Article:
The Department of Homeland Security’s internal watchdog has raised concerns in a report about the Border Patrol’s evaluation methods for identifying potential terrorism-linked threats among migrants, with a significant emphasis on a 2022 incident involving a migrant who was later found on the FBI’s terrorist watchlist. Border Patrol agents had reportedly released the individual and his family before federal law enforcement officials could confirm his status on the Terrorist Screening Dataset, an FBI tool used to track known or suspected terrorists and their affiliates.
The Border Patrol routinely screens migrants apprehended along land and coastal borders for criminal and immigration records and conducts searches in terrorism databases. However, the OIG report stated that agents in Arizona released this specific migrant before a pending terrorism database search could be conclusively resolved. The migrant’s status on the terrorism watchlist was confirmed only when he checked in for a flight to Florida. Subsequently, two weeks after entering the U.S., the migrant was apprehended in Florida by Immigration and Customs Enforcement (ICE), which faced challenges accessing information about his records.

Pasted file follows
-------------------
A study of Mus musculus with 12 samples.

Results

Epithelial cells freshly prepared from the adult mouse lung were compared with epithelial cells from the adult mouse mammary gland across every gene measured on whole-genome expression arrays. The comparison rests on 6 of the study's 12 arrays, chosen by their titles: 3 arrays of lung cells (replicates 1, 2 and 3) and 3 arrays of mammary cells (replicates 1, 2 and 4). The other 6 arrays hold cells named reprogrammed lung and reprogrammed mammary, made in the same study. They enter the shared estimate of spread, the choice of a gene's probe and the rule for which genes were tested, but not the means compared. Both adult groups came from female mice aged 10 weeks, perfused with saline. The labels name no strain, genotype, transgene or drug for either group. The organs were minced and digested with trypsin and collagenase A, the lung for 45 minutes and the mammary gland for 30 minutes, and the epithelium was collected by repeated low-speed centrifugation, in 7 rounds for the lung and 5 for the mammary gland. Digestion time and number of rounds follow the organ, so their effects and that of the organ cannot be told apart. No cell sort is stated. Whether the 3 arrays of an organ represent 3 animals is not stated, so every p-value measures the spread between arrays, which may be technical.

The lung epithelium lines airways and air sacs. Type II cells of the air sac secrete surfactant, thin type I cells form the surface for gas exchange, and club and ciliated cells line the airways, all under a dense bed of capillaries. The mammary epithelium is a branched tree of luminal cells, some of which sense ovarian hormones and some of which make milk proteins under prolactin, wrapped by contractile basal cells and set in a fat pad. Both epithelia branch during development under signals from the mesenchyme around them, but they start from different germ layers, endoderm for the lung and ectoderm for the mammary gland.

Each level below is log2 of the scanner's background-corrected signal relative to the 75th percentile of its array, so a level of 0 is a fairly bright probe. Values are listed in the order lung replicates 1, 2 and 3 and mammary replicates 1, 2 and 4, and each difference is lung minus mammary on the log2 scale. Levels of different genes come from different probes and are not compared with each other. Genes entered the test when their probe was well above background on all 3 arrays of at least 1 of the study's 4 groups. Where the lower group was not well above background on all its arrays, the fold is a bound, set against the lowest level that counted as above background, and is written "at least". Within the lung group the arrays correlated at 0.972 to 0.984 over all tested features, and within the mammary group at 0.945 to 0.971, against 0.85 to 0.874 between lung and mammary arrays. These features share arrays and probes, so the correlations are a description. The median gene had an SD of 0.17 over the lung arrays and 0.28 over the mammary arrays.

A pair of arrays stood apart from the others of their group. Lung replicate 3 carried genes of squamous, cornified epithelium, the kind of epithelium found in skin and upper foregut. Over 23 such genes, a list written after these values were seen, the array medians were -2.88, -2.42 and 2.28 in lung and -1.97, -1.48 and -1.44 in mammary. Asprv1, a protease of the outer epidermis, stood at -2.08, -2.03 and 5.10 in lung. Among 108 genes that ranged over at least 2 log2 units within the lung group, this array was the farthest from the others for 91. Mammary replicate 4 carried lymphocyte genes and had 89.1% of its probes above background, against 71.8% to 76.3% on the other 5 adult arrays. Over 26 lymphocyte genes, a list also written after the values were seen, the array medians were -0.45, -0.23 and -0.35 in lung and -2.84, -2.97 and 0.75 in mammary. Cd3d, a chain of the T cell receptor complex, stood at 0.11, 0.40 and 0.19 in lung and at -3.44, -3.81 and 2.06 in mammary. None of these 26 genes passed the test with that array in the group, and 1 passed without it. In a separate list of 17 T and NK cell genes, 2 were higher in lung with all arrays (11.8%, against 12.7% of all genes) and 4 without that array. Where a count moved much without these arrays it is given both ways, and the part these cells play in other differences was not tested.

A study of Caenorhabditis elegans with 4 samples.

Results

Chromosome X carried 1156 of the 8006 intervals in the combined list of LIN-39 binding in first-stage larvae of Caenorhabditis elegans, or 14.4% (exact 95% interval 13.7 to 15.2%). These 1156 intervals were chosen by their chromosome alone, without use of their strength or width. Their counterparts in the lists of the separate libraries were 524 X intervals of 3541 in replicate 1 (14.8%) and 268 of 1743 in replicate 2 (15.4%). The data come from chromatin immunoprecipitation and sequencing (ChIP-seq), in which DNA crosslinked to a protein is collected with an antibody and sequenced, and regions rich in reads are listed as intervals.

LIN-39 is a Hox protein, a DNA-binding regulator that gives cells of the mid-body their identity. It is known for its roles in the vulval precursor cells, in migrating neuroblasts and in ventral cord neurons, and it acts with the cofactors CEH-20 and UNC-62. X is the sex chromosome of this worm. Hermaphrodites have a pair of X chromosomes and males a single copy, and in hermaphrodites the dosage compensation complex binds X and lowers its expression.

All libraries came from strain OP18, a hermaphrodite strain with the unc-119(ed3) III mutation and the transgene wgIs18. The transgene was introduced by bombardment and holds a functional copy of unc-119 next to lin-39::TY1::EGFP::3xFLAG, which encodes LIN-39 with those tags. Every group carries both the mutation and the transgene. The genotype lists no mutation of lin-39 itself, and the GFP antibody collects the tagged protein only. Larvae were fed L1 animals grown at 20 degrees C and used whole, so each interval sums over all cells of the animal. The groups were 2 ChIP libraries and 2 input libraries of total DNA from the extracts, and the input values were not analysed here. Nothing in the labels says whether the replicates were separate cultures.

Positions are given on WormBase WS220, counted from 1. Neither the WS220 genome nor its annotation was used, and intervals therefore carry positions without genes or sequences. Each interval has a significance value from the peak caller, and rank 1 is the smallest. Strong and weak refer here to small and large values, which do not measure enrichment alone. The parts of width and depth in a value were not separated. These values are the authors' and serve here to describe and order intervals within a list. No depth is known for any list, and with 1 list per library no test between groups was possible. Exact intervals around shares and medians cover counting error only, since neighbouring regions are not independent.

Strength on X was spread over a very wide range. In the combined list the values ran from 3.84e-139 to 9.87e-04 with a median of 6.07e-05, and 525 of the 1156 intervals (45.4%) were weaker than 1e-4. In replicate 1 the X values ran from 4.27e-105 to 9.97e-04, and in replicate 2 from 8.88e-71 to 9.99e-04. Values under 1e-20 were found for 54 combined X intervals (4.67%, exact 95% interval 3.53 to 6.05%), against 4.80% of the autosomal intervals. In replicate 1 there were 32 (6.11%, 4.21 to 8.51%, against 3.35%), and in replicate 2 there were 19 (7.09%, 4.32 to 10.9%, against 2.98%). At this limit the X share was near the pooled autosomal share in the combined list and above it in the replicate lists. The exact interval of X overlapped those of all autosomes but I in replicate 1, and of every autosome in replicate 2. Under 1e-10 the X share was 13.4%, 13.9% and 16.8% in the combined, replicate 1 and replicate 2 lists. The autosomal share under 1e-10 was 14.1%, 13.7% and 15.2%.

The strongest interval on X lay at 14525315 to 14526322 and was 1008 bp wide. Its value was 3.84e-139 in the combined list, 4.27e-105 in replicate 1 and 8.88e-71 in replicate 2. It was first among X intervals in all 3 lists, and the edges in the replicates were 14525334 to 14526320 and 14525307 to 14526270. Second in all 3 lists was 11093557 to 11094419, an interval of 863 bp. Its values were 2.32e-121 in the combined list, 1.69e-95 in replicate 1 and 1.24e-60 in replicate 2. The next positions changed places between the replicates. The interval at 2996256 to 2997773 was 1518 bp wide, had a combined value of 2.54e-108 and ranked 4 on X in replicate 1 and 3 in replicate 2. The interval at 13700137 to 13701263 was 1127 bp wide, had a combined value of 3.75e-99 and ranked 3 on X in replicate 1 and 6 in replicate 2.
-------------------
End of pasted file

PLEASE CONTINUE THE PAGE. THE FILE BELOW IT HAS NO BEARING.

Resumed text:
The report cautions that the current practices for handling inconclusive Terrorist Watchlist matches increase the risk of potential threats in the United States. In response to these findings, DHS criticized the report, asserting it sensationalizes and misrepresents a complex case, and defended the actions of Border Patrol and ICE agents, stating they took “appropriate steps to ensure there was no threat to the public.”
According to the report, the migrant, who was with family members, came into Border Patrol custody near Yuma on April 17, 2022. After an unsuccessful attempt by the FBI to ascertain whether the migrant was on the terror watchlist, the Border Patrol was asked to interview him. However, due to miscommunication, this interview did not occur. The migrant was released from custody on April 19, despite an unresolved terrorism database search. Agents in Yuma cited deficient procedures and pressure to quickly release detainees due to overcrowded facilities as reasons for this decision. It was only later, as the migrant was preparing to fly from California to Florida, that the Transportation Security Administration (TSA) provided information that confirmed his presence on the terrorism watchlist. Despite facing difficulties in obtaining information about the migrant, ICE managed to arrest him on May 6.
Reacting to the report, a DHS official insisted that Border Patrol was unaware of the migrant’s watchlist status at the time of release. He also mentioned that he was tracked via a GPS-enabled ankle monitor.
This all comes amid a surge in apprehensions of migrants on the FBI’s terrorism watchlist, even though they constitute a minute fraction of total border crossings. According to government figures, the number of migrants apprehended along the U.S.-Mexico border on positive terrorism watchlist matches has already exceeded the previous year’s record.